Emerging markets, despite strengths, still get no respect


True to form, EM currencies, stocks and bonds have been hammered this year as volatility picked up in the markets. The MSCI Emerging Markets Currency Index — a basket of 26 EM currencies — was down 5 percent for the year through Sept. 25. EM stocks are down 10.5 percent, and bonds are down 7.7 percent — the worst performance of any major global fixed-income asset class this year.

“Given the state of the world with strong U.S. growth and contained inflation globally, it’s hard to imagine that emerging markets would suffer so much this year,” said Pablo Goldberg, a senior fixed-income strategist with BlackRock. “There’s been a general pullback from risk in emerging markets.”

The spread of average EM bond yields over comparable duration U.S. Treasurys has widened dramatically, and the average yield on the JP Morgan Emerging Markets Bond index — a broad index of EM sovereign bonds — was up to 5 percent as of Sept. 25.

George Rusnak, co-head of fixed-income strategy at Wells Fargo Investment Institute, thinks that presents a buying opportunity. “It’s hard to buy when others are selling, but blood is in the water and that’s when you want to get involved,” said Rusnak. He has changed his view of emerging market bonds from neutral to favorable since the beginning of the year.


“With emerging markets, you get more compensation for the risk,” Rusnak added. “If we want to get aggressive, it’s in emerging market debt.”

Some of his more aggressive ideas include the sovereign bonds of Brazil and Mexico in Latin America, and India and Indonesia in Asia. They carry significant risks. The Indonesian 10-year sovereign bond yields 8.24 percent. Brazilian 10-year bonds pay 11.6 percent. “We feel we’re fairly compensated for the risk.”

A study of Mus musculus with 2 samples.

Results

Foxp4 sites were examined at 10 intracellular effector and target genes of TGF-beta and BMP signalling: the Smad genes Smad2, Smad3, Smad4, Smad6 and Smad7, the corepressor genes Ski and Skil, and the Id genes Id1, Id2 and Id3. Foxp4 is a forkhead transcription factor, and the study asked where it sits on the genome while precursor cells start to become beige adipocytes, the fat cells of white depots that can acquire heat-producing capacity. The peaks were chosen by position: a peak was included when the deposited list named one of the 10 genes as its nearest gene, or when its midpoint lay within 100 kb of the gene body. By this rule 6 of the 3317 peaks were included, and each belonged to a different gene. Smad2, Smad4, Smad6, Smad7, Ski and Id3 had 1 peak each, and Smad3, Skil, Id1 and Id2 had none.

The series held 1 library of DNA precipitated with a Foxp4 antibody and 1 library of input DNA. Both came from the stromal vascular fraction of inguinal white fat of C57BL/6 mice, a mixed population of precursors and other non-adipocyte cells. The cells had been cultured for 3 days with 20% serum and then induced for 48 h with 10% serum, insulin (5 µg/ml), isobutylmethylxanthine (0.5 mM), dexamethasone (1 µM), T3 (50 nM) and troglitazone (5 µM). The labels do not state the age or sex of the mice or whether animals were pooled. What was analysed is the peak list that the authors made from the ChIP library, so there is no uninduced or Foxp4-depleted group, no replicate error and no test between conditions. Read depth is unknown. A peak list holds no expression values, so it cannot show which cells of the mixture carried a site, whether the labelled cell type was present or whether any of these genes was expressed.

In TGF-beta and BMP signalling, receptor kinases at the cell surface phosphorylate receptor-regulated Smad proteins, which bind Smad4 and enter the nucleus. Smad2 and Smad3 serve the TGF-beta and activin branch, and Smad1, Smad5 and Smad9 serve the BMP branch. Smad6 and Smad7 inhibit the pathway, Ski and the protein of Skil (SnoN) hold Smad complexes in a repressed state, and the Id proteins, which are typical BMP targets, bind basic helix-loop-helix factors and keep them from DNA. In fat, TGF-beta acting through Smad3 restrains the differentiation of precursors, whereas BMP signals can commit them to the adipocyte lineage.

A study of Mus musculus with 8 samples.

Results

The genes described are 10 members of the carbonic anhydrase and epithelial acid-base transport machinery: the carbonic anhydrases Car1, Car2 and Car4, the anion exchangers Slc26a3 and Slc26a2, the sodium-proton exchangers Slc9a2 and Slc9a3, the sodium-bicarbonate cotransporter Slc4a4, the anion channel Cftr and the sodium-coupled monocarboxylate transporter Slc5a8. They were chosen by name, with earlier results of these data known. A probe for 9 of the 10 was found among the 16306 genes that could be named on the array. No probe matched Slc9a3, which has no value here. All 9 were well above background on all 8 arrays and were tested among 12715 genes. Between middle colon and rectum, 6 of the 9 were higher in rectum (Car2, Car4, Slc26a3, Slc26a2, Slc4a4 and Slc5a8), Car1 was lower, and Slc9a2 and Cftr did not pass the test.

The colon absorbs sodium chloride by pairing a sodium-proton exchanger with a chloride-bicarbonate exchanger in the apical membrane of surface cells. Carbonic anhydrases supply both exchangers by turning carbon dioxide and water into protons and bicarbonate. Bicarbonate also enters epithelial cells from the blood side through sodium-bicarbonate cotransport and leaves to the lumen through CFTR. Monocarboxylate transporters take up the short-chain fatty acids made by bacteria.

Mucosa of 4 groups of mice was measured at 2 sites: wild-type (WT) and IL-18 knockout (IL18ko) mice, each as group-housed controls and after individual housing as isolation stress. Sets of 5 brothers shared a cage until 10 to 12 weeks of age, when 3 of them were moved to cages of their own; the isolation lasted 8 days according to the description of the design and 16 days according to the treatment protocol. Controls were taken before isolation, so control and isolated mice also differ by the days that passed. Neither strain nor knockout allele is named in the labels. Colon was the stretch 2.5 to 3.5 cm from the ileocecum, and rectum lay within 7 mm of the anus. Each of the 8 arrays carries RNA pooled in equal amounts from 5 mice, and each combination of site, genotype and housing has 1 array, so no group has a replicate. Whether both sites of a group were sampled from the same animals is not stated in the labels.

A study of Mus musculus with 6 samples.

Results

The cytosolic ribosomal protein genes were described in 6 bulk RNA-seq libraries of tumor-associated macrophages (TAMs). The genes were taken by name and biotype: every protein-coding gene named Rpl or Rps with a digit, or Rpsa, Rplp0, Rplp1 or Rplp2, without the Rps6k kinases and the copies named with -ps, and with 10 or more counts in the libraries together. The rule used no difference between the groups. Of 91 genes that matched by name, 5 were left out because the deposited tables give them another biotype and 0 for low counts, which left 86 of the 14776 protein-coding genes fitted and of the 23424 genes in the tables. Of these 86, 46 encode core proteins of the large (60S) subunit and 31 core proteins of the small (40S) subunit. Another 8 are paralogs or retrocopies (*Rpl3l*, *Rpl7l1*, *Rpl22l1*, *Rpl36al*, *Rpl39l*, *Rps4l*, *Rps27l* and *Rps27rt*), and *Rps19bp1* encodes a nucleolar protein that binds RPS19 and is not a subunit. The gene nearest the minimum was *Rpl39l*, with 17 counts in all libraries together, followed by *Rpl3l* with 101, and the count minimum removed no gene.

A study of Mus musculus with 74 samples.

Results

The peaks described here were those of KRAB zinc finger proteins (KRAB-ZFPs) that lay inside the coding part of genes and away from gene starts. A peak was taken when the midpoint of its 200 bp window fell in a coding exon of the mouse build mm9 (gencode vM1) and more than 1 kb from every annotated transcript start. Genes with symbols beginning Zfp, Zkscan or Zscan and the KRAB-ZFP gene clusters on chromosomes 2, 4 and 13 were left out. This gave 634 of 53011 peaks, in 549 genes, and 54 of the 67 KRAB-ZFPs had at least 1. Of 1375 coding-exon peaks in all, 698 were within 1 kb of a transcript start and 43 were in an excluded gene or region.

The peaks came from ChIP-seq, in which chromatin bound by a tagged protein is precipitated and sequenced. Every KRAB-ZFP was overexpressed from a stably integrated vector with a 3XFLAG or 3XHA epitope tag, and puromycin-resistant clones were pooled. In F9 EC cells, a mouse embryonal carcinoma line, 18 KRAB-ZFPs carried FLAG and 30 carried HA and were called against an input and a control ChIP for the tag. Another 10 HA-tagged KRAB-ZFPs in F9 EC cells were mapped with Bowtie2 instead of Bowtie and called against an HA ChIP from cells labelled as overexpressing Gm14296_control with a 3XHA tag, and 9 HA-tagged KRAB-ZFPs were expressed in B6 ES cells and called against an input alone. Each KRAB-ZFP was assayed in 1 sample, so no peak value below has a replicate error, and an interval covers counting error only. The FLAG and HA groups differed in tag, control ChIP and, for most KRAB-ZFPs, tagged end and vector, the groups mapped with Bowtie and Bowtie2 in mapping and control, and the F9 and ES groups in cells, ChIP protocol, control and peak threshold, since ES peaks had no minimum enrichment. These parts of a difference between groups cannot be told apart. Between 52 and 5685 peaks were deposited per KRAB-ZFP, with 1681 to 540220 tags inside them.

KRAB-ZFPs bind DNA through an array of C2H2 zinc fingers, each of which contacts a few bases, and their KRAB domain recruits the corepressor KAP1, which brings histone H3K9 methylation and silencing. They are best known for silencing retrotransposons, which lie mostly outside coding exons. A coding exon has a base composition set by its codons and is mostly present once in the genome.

Jim Caron, fund manager at Morgan Stanley Investment Management, also sees the recent weakness in emerging markets as an opportunity. “We’re still in a global growth environment, and the trajectory for emerging markets is still positive,” said Caron. “Valuations tell me that emerging market assets are attractive.

“They have good fundamental attributes but have been subject to political risks that I hope are temporary,” he added.

The turmoil in markets such as Turkey and Argentina hasn’t helped. The Argentine peso has dropped by more than 50 percent this year, and the Turkish lira by nearly 40 percent. Spreads on both countries’ debt have widened dramatically. Other country-specific risks in emerging markets include the Brazilian elections, trade issues for Mexico, and recession and land reform issues in South Africa. In emerging markets, bad news tends to spread.

“The contagion in emerging markets happens through different channels and it tends to be greater in periods of monetary tightening in developed markets,” said BlackRock’s Goldberg. “Liquidity is an issue. Investors will sell what they can sell.”

The concern about global trade is also weighing on export-driven emerging markets. President Trump’s unconventional trade policies — or lack thereof — have yet to seriously hit global trade and economic growth, but it still has investors on edge.

“We use to abide by one set of trade rules in the past, but now we’re moving towards bilateral agreements,” Caron said. “The rules are no longer uniform.”

While many of President Donald Trump’s threats have been directed toward developed markets such as the European Union and Canada, he has also targeted Mexico, China and other EMs for “unfair” trading practices.

If the tariff battle with China becomes a full-blown trade war — a possibility now that the United States has imposed tariffs on an additional $200 billion in Chinese exports, and China has replied with $60 billion of its own — it will hurt growth in the emerging markets as a whole.

The biggest headwind for emerging market bonds as a group, however, is the rise in U.S. interest rates and the strength of the U.S. dollar. Both make EM bonds relatively less attractive. The question is how much further U.S. rates will rise and how much higher the U.S. dollar can go.